A foreign investor is reconsidering a project in South Sudan after the government flip-flopped on its policy towards foreign workers.
Phoenix Africa told the BBC developments in South Sudan are causing it to rethink one of its projects.
On Tuesday the government in Juba ordered all foreign workers to leave, but later reversed the decision.
Chief executive Paddy Docherty said the matter was "a serious concern for any potential investor in South Sudan".
"It raises real worries about future government attitudes to outside investment and, crucially, consistency in policy."
Phoenix Africa aims to invest in agricultural projects in fragile African states.
"We will now be thinking very hard about the likely stability of government policy on expats, as we could not possibly launch a business there without bringing in a number of senior people," Mr Docherty said.
"The country simply cannot develop without significant injections of foreign capital and expertise across all sectors, " he added.
Tens of thousands of skilled workers from neighbouring nations in East Africa, such as Ethiopia, Eritrea, Kenya, Sudan and Uganda are employed in key jobs, running South Sudan's mobile telephone network, banking sector, oil operations, hotels and other areas of infrastructure.
Aid agencies and the United Nations voiced their concern over a policy that would have resulted in the removal of Sudan's immigrant work force.
It comes as the United Nations is warning of a risk of famine and aid agencies insist they need foreign workers to help the country deal with the crisis.
The UN aid chief in South Sudan, Toby Lanzer, repeated its warning that only an end to the war and increasing aid efforts could avert the impending crisis.
"We are facing the very strong chance that famine would be declared by the end of this year or early 2015. You need to have all hands on deck, we need all the help we can get," he said.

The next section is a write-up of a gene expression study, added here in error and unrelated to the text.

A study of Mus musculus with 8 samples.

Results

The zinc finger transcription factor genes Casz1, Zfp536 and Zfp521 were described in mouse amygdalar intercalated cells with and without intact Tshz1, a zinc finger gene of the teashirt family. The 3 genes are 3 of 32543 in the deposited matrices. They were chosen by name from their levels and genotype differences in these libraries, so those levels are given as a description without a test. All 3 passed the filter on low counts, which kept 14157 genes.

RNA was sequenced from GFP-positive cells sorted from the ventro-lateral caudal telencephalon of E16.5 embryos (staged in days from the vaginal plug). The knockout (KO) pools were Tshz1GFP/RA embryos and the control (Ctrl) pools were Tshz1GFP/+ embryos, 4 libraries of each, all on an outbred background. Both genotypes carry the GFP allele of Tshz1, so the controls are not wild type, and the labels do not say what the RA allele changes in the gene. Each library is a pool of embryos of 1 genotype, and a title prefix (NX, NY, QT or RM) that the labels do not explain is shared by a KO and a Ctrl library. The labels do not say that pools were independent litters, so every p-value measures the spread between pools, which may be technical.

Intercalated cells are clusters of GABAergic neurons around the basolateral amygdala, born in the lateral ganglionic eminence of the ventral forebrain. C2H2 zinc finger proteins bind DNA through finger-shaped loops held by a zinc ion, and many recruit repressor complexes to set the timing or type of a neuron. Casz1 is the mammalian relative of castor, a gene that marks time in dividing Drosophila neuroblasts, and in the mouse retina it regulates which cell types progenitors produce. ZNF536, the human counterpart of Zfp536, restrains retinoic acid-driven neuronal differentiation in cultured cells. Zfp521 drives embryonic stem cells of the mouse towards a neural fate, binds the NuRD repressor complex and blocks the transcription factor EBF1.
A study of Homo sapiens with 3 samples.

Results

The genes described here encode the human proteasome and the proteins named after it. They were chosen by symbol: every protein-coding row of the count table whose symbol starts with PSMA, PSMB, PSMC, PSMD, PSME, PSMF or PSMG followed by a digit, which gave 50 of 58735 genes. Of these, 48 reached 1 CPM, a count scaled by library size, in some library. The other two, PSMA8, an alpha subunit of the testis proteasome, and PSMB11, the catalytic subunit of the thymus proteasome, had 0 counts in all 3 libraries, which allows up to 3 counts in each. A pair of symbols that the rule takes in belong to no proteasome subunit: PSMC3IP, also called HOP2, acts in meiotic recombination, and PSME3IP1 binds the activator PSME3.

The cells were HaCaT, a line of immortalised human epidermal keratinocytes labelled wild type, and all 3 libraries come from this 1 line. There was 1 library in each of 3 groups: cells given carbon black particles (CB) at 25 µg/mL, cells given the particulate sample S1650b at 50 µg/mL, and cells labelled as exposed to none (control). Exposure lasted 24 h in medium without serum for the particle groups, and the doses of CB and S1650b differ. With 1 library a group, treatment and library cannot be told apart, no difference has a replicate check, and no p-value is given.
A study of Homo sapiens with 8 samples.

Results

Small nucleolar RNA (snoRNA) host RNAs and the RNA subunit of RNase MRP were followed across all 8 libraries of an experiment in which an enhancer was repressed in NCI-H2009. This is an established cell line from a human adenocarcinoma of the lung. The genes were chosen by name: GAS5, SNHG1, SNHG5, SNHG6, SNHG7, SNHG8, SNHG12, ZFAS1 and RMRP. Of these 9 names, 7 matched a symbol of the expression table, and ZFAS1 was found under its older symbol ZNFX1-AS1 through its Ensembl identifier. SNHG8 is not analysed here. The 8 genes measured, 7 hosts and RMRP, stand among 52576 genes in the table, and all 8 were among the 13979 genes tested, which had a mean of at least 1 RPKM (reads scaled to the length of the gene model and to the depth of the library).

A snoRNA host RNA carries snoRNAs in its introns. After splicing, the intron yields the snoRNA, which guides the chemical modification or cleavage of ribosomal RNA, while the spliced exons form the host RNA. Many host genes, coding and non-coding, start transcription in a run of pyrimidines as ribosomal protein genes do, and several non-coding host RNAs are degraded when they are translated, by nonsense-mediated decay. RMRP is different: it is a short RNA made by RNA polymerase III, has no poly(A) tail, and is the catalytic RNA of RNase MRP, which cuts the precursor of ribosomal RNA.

International aid agencies contacted by the BBC admitted concern about South Sudan's policy towards foreign workers, but were unwilling to make an official statement, citing the fraught relationship with the government.
African neighbours frustrated
South Sudan's inconsistent policy towards foreign workers also threatens to undermine economic relations with other countries in the region.
François Conradie, an political analyst, with NKC Independent Economists told the BBC "one can distinguish a sense among East Africans that the South Sudanese are ungrateful for all that their neighbours have done to build up the country and if this kind of initiative re-emerges, as seems likely, then some effects may be seen at the level of East African integration."
Mr Conradie criticised the idea of replacing foreign workers.
"It makes the government look erratic and unpredictable, and inevitably makes South Sudan look less attractive as an investment destination," he told the BBC.
It's widely accepted that South Sudan's economy needs foreign expertise, because the country suffers from a major shortage of skilled workers.
Trade ties with growing economies like Ethiopia and Kenya are also vital.
Alex de Waal, executive director of the World Peace Foundation, is very familiar with efforts to build South Sudan's economy after visiting the region for 30 years.
He told the BBC "the neighbours, Ethiopia, Kenya, Uganda, all of which have their own political and economic risks in South Sudan have been clearly frustrated, both by the government and the opposition and this decision will not have encouraged them," he said.
Last month the US energy giant Exxon Mobil revealed that it was withdrawing from South Sudan, a setback to an economy which is dependent on oil. Industry insiders recognised Exxon's concern about continuing political uncertainty.
The US oil giant's exit leaves China as the biggest investor in the nation's energy sector, at a time when Chinese troops, deployed by the United Nations, are being sent to guard the oilfields.
The United States has imposed sanctions on two military officers on opposite sides of the ethnic violence in South Sudan, in a demonstration of American frustration that fighting has continued despite two ceasefires.
Thousands have been killed and more than a million have fled their homes since December and still there is no sign of agreement between the political rivals, President Salva Kiir and the deputy he fired, Riek Machar.